Saturday, October 27, 2012

Joel Gilbert's Evolving Disclaimer

In my first full post on Joel Gilbert and his pseudo-documentary Dreams From My Real Father, I showed how Gilbert has a history of rewriting the past when it comes to his movies. I noted below that Joel Gilbert keeps changing the claims on his website to avoid admitting that he's been discredited.

But what I discovered in reviewing Dreams From My Real Father on Netflix Streaming is that he's actually changed the movie itself.

Approximately one minute into the film appears a "Director's Note." It's basically a disclaimer, and it reads not unlike the disclaimers in Kevin Trudeau's fake-medical-advice books. Here's what it says on the DVD:

"This film's contents are based on actual events, interviews, and archives, as well as re-creations of probable events, using reasoned logic, speculation, and approximated conversations in an attempt provide a cohesive understanding of Obama's history.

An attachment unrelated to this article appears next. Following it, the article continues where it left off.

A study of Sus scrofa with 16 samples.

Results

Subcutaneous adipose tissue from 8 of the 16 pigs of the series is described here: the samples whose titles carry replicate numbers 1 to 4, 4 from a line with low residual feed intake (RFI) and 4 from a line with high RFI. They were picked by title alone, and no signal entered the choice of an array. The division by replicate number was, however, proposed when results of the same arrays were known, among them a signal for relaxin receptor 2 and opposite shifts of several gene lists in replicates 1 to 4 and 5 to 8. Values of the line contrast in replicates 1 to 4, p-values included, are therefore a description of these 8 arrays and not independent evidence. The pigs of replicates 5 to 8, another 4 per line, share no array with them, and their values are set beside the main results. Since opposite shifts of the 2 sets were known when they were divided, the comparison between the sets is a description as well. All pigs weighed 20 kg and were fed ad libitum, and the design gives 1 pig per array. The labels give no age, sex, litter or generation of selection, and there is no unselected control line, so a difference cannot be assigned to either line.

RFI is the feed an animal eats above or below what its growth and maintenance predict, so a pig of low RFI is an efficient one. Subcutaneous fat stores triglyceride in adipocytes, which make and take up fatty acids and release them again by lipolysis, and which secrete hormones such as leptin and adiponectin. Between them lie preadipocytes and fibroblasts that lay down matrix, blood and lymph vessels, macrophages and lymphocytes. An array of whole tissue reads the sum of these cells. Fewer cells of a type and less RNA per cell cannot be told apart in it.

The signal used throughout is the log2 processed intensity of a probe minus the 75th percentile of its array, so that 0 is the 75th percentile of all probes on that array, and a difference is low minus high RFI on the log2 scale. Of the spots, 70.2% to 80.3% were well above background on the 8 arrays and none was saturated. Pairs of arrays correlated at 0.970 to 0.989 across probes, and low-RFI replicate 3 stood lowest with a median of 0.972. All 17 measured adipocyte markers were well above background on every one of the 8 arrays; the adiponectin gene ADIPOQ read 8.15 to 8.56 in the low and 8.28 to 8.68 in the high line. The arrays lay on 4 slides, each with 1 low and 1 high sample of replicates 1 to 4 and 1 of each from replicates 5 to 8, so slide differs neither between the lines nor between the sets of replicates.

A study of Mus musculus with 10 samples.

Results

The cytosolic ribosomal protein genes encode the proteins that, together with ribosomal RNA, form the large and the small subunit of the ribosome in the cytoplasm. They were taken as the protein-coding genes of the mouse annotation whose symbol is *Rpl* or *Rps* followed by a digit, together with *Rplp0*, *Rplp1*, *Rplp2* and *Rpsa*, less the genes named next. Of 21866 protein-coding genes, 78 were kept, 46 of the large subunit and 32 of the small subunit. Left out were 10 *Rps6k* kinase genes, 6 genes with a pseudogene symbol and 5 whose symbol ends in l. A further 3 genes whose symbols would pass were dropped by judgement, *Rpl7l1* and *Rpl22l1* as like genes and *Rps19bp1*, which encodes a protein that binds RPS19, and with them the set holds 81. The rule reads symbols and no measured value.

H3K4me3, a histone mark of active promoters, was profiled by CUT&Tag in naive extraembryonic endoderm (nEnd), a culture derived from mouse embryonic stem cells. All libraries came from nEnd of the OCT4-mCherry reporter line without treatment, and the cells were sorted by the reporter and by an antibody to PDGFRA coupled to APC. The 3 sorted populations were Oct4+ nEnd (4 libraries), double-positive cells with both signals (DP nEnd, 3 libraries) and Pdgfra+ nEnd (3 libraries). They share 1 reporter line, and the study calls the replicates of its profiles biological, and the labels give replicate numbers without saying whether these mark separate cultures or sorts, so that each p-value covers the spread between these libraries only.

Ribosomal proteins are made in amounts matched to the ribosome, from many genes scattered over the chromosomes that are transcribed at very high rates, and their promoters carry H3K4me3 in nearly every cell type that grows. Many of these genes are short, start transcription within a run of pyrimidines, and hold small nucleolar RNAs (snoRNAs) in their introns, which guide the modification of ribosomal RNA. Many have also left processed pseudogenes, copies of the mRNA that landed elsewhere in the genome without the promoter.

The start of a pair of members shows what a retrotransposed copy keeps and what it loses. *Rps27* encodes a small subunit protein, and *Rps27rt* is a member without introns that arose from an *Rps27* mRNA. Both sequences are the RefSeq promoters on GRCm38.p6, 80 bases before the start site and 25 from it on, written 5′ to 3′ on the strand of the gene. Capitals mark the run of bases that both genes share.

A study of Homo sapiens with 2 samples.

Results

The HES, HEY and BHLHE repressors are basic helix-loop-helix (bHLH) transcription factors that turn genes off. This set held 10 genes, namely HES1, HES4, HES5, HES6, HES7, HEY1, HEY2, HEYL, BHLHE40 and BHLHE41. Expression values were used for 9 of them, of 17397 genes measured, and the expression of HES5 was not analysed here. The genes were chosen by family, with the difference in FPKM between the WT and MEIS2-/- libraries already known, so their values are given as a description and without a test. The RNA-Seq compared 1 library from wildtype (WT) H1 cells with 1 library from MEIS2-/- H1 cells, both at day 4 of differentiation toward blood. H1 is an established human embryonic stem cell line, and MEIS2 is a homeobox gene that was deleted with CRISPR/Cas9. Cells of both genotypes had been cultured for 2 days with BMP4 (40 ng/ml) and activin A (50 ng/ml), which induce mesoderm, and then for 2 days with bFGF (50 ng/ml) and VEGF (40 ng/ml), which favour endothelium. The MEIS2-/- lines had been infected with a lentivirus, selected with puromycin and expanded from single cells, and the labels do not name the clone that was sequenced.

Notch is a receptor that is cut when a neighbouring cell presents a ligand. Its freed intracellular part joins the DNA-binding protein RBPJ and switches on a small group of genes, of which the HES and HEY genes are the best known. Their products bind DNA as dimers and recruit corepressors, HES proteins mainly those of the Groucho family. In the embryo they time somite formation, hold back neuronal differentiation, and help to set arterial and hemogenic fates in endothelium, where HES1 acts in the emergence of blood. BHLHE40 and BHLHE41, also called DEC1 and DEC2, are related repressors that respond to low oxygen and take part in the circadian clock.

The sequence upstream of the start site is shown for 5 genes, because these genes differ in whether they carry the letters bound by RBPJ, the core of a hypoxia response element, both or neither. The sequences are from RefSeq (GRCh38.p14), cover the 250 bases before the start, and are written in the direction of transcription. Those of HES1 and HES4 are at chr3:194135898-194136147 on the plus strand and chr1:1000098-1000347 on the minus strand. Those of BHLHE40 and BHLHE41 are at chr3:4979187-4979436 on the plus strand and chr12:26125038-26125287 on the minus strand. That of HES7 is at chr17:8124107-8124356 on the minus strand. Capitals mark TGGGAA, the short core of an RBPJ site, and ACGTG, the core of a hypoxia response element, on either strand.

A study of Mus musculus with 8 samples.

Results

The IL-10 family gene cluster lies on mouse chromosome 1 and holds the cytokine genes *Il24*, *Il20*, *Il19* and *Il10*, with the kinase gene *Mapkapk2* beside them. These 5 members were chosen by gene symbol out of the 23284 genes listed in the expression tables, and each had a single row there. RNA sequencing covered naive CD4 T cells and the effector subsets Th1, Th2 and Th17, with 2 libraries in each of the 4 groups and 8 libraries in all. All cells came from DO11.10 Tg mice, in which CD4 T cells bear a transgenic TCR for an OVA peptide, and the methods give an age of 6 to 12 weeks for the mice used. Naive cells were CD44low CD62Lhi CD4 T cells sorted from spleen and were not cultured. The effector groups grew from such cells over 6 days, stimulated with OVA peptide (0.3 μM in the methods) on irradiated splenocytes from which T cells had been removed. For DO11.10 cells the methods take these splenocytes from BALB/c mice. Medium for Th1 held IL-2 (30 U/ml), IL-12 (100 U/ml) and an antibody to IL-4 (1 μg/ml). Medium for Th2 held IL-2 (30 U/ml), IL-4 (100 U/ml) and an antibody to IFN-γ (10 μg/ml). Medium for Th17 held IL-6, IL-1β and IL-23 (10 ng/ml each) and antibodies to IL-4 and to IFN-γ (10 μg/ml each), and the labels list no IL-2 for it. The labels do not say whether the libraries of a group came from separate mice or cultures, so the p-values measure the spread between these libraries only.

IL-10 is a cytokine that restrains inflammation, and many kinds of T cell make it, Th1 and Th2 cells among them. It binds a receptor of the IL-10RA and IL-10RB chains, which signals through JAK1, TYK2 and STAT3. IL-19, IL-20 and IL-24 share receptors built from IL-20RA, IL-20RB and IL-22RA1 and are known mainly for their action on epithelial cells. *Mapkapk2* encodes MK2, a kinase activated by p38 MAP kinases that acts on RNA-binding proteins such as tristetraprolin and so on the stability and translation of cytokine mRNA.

"Is this the true story Barack Obama should have told, revealing his true political foundations and his agenda for fundamentally transforming America?"

Talking Points Media quoted this disclaimer back in May 2012. So did Gilbert fan Jack Cashill. Here's a screenshot from the film itself:

But that's not what you see if you watch the movie on Netflix, where it was made available for streaming just a few weeks ago. Rather, the Netflix version of the film carries this "Director's Note":

Notice the difference? Look what follows the words "reasoned logic" in the first sentence.

Apparently, the original DVD version of Dreams From My Real Father was based on "speculation," but the Netflix version isn't.